The Crier’s Voice Would Tell Me [Wolverine: The Long Night Podcast Review #1]

Firstly, I must admit something to you, dear readers, there are two things I love in life more than almost anything else. They are 1. Richard Armitage and 2. Wolverine. Therefore, you can surmise my excitement when I found out that Richard Armitage would be voicing Wolverine in Stitcher’s production of Marvel’s Wolverine: The Long Night.

We will be reviewing the episodes two at a time because they are around a half hour each and will be easier to discuss when combined. And now, without further ado, let us begin!


We open with two federal agents, Pierce and Marshall, interviewing a man who happened upon a fishing boats’ entire crew that was murdered gruesomely during the night. All fingers point to the mysterious stranger who recently came to the Burn, AK where our story takes place. The town has been plagued by mysterious “bear” attacks and this new encounter on the sea doesn’t seem to put anyone at ease.

With local law enforcement not wanting to help, the detectives grudgingly take Bobby, from the police, to hunt down any leads to prove this is more than just a random bear attack.  Bobby brings up an interesting point. Those in Burns, AK is a place for those who don’t fit in anywhere else. Everyone wants their privacy

because everyone has something to hide. *Random side note: For whatever reason, whenever Bobby says something, I always see James Brent Isaacs in my head as the character.*

While sifting through rumors, everyone keeps coming back to two newcomers to the town. The first, a man called Prophet who has a following called “The Night,” considered a cult by locals. The other, a man who generally keeps to himself focusing on his work and his solitude. That is until someone on the boat he’s working on gets his arm caught in a trap and pulled overboard. A witness recounts the encounter and that Logan jumped off the boat right after. After the shock of them both going overboard seems to set in, the man pulled under is thrown back on the deck of the ship. Then, just to tease us all, we hear one line from the deep gravely voice of our favorite mutant who simply says after some heavy breaths, “Shoulda cut your head off instead” and I might have swooned. Armitage does justice to the character in those six words. The imagery and gruffness that his voice gives are impressive.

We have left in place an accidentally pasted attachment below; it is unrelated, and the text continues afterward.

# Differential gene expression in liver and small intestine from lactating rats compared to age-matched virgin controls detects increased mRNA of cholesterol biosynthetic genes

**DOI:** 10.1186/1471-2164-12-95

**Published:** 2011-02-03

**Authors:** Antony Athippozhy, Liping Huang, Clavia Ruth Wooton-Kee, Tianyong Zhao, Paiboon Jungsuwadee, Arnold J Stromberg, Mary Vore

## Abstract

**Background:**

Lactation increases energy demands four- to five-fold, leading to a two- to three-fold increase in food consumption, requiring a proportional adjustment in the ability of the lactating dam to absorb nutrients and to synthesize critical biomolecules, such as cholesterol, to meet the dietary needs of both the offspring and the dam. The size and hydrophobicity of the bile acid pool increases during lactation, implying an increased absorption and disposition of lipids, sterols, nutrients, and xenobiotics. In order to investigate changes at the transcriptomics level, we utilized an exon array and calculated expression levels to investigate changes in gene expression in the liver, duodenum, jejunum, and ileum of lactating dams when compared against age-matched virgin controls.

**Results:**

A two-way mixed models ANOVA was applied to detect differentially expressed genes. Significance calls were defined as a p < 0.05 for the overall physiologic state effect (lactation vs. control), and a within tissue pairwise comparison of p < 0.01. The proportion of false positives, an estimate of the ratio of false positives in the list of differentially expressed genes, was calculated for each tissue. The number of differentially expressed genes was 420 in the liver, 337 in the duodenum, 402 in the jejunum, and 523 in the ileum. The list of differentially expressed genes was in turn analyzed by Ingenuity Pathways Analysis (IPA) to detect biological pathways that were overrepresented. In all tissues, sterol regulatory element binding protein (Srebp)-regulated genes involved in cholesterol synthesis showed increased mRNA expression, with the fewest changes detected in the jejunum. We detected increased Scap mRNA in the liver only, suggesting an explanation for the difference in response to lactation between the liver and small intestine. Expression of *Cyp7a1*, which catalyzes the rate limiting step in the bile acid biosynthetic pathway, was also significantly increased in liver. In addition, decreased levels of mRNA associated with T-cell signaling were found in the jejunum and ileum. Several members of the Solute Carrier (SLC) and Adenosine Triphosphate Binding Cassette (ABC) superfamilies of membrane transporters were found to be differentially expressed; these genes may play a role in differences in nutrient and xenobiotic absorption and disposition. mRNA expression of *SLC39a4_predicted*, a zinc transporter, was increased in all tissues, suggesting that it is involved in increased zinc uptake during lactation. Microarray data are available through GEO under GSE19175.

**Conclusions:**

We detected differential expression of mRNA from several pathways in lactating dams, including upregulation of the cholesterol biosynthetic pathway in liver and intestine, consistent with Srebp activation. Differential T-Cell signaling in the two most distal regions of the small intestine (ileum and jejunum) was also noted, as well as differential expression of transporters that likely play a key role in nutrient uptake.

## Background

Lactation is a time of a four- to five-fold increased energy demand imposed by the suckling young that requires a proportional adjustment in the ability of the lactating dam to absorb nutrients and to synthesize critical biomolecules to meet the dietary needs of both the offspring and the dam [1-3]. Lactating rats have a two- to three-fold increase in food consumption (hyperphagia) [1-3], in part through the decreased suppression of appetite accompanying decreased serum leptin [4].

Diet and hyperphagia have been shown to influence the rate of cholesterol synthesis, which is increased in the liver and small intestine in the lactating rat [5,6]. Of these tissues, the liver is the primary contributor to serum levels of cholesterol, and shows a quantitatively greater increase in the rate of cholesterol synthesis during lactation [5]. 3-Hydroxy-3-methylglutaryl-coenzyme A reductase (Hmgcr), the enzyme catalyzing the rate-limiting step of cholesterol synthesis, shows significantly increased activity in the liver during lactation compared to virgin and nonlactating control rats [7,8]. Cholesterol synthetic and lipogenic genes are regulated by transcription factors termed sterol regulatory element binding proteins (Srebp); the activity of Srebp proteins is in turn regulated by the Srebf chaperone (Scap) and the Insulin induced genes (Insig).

The next episode picks up with Pierce and Marshall talking about their morning. Marshall meets up with the mother of Sandy Evans, a victim of one of the elusive bear attacks in Burns. The scene was gruesome, and the details are intense. She was ripped to shreds, and her head was never found. The only way they were able to identify her was by the tattoo on her arm, ‘Goodnight Nobody.’ Her mother believes it was a line from Sandy’s favorite book as a child, Goodnight Moon, but it has ties to the Aurora cult.

Sandy’s mother tells Marshall that she wasn’t surprised because Sandy kept getting calls with nothing but heavy breathing on the other end. Marshall takes all information into account and reports back to Pierce who had met with Logan’s landlord in the local bar, The Dirty Shame. Honestly, someone deserves a reward for coming up with these names. Anyway, Pierce and the landlord meet up, but she isn’t much help to the investigation as Logan paid in cash and she didn’t ask many questions.

As you can guess, Pierce, Marshall, and Bobby go out to Logan’s. No one seems to be there, but the trail is relatively fresh, and they decide to go inside. The cabin is trashed, and a dear hide is hanging outside. A band of feral children that live off the grid, The Strawberry Kids, come out of nowhere and destroy Bobby’s patrol car. Marshall and Pierce knock one of them out of a tree and start asking him questions.  He doesn’t want to say anything because they are police, but they finally get it out of him that Logan was there and just left. Logan had saved his life and had earned their respect. Logan told them someone would be coming for him because of what he’d done.

What Bobby doesn’t know is that while he’s reporting back everything he knows about Pierce and Marshall to the Sherrif, they’ve bugged him, so they know what Bobby is reporting. Pierce and Marshall listen as Bobby tells lie after lie to the Sheriff. When it is discovered that they found a book at Logan’s cabin, the sheriff asks if Bobby checked it for papers or clues, which he says there wasn’t, but Marshall comments to Pierce that there was, in fact, a letter inside. He begins to read the letter but we soon hear Logan’s voice, which is the first time we honestly get to hear Richard Armitage breath life into the character, and it’s incredible.

Logan writes a letter to someone named Maurine. He apologizes for leaving but talks about how Weapon X is going to find him, and he has to keep running because wherever he stops people die and he feels responsible. But, is he? Who is after him? Who do Pierce and Marshall work for?


Shoot The Breeze Staff Writer

This account is an archive of all of the hard work and writings of our previous Staff Writers and Contributors on both Shoot The Breeze Comics when it previously existed as well as On Comics Ground, our current platform.
Shoot The Breeze Staff Writer

  • Easy to listen to
  • Interesting characters
  • Not enough Wolverine
This account is an archive of all of the hard work and writings of our previous Staff Writers and Contributors on both Shoot The Breeze Comics when it previously existed as well as On Comics Ground, our current platform.